Donders Institute for Brain, Cognition and Behaviour

Date of news: 11 July 2022

Neuroscientists have gained new insight into how our brain evolved into a language-ready brain. Compared to chimpanzee brains, the pattern of connections of language areas in our brain has expanded more than previously thought.

The researchers at Donders Institute and University of Oxford published their findings in PNAS.

Chimpanzee brains look like human brains“At first glance, the brains of humans and chimpanzees look very much alike. The perplexing difference between them and us is that we humans communicate using language, whereas non-human primates do not”, says co-first author Joanna Sierpowska. Understanding what in the brain could have enabled this unique ability has inspired researchers for years. However, up to now, their attention was mainly drawn towards a particular nerve tract connecting frontal and temporal lobes called arcuate fasciculus, which besides showing significant differences between species, is well-known to be involved in language function.

”We wanted to shift our focus towards the connectivity of two cortical areas located in the temporal lobe, which are equally important for our ability to use language”, says Sierpowska.

Imaging white matter

To study the differences between the human and chimpanzee brain, the researchers used scans of 50 human brains and 29 chimpanzee brains scanned in a similar way as humans, but under well-controlled anesthesia and as part of their routine veterinary check-ups.  More specifically, they used a technique called diffusion-weighted imaging (DWI), which images white matter, the nerve pathways that connect brain areas.

Using these images, they explored the connectivity of two language-related brain hubs (the anterior and posterior middle areas of the temporal lobe), comparing them between the species. “In humans, both of these areas are considered crucial for learning, using and understanding language and harbor numerous white matter pathways”, says Sierpowska. “It is also known that damage to these brain areas has detrimental consequences for language function. However, until now, the question of whether their pattern of connections is unique to humans remained unanswered.”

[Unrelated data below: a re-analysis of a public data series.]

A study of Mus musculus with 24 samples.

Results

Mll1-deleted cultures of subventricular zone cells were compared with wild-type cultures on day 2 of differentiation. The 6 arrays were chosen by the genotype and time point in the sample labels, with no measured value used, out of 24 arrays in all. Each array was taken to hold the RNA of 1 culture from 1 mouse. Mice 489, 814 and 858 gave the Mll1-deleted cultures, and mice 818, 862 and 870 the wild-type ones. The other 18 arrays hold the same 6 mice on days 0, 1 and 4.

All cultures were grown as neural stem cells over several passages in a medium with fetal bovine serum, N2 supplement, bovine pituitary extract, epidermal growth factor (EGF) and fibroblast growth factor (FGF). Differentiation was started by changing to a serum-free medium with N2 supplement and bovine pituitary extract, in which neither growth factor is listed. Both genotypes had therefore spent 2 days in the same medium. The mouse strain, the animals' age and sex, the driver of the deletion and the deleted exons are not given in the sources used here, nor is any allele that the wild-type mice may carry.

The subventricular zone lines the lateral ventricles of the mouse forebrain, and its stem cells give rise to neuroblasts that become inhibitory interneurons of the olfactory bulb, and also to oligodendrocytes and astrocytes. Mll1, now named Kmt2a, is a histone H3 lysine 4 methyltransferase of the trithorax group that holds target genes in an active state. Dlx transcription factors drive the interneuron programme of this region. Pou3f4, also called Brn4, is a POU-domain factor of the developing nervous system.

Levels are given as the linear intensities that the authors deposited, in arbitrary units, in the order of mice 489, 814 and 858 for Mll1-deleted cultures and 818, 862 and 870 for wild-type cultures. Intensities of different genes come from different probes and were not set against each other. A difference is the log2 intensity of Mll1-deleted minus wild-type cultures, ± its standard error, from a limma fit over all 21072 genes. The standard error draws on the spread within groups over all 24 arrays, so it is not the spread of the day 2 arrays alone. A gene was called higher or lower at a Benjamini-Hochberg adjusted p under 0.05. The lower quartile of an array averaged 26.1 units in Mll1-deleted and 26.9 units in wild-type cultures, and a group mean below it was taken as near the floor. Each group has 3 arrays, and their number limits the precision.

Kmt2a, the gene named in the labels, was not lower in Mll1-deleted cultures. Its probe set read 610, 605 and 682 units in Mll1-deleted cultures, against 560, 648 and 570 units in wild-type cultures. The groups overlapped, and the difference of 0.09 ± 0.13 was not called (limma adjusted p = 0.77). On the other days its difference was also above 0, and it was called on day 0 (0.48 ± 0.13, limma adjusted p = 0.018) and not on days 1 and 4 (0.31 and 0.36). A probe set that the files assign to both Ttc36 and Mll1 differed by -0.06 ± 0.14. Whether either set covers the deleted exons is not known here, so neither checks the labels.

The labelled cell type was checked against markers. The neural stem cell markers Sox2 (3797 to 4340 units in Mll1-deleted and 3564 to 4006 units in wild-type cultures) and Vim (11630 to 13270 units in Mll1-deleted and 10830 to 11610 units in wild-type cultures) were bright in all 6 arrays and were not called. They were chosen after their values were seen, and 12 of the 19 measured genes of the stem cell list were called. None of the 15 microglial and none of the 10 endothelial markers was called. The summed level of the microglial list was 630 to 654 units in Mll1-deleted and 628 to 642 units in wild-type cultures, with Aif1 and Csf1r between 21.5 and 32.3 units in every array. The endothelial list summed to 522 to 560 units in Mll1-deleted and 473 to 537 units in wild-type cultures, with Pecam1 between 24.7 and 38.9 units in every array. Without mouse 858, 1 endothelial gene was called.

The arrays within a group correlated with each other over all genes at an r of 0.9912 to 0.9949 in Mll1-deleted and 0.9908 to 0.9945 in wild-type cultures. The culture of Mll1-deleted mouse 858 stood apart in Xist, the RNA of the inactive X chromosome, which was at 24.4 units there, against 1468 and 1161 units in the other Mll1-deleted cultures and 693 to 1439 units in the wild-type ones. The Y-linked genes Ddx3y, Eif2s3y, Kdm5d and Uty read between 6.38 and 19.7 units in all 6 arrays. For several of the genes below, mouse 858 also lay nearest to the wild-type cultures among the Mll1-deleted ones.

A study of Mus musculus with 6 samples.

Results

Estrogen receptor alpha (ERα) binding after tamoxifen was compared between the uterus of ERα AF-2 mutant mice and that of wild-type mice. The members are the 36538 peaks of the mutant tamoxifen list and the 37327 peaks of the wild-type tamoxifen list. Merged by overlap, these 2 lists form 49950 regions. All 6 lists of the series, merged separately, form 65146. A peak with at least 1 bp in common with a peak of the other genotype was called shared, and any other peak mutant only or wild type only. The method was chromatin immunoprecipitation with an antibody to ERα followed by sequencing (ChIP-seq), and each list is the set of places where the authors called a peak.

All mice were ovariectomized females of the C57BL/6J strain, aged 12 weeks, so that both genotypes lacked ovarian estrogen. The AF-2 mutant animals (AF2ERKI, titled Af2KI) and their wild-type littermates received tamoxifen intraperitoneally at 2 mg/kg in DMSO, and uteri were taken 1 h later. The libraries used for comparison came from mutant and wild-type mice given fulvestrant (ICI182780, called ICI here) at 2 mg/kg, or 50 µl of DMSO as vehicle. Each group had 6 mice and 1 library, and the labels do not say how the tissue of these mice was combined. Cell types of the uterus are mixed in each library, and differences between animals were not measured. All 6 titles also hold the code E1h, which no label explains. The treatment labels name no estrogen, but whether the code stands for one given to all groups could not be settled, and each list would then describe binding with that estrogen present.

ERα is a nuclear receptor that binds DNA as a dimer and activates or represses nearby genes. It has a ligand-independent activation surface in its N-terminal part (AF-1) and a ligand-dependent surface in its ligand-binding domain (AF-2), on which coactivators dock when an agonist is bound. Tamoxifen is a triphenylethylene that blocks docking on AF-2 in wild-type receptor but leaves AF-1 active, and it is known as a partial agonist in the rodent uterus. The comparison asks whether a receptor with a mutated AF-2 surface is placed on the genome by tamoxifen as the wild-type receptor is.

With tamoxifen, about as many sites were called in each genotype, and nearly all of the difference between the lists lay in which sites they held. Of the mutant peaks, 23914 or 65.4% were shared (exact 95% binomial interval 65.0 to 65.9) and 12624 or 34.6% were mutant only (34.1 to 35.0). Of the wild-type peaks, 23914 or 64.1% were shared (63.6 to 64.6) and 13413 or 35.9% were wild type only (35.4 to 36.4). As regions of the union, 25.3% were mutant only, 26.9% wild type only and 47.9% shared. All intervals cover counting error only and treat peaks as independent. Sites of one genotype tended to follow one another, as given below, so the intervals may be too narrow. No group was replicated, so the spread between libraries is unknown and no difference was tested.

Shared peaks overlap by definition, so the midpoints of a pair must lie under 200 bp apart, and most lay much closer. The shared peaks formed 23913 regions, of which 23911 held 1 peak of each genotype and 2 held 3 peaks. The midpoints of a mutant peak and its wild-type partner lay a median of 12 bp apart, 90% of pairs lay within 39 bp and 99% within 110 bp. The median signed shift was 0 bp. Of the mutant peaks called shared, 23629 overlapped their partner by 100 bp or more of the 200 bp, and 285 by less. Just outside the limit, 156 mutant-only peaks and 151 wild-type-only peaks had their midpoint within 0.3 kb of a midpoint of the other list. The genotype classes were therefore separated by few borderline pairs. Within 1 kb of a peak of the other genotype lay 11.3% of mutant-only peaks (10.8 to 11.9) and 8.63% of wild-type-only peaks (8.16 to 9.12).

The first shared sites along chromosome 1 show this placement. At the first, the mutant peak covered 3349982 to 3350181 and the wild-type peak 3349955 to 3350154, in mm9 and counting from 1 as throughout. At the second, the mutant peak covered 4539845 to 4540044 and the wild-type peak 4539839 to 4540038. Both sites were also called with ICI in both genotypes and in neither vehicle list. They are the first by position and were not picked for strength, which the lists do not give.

Brain comparison

Figure: The pattern of connections of language areas has expanded in the human brain during evolution. In humans, the posterior middle temporal gyrus(pMTG) connected with the frontal and parietal lobes, whereas the connectivity of these areas in the chimpanzees is confined mainly to the temporal lobe. The pattern of connections of the anterior temporal lobe (ATL) look similar between the species at a first sight, but the quantitative analyses revealed that they are substantially different between the species as well. The color scale shows the number of individuals with a specific area connected with the temporal lobe region. Credit: PNAS

New connections in human brain

The researchers found that while the connectivity of the posterior middle temporal areas in chimpanzees is confined mainly to the temporal lobe, in humans a new connection towards the frontal and parietal lobes emerged using   the arcuate fasciculus  as an anatomical avenue. In fact, changes to both human language areas include a suite of expansions to connectivity within the temporal lobes. “The results of our study imply that the arcuate fasciculus surely is not the only driver of evolutionary changes preparing the brain for a full-fledged language capacity”, says co-author Vitoria Piai.

“Our findings are purely anatomical, so it is hard to say anything about brain function in this context”, says Piai. “But the fact that this pattern of connections is so unique for us humans suggests that it may be a crucial aspect of brain organization enabling our distinctive language abilities.”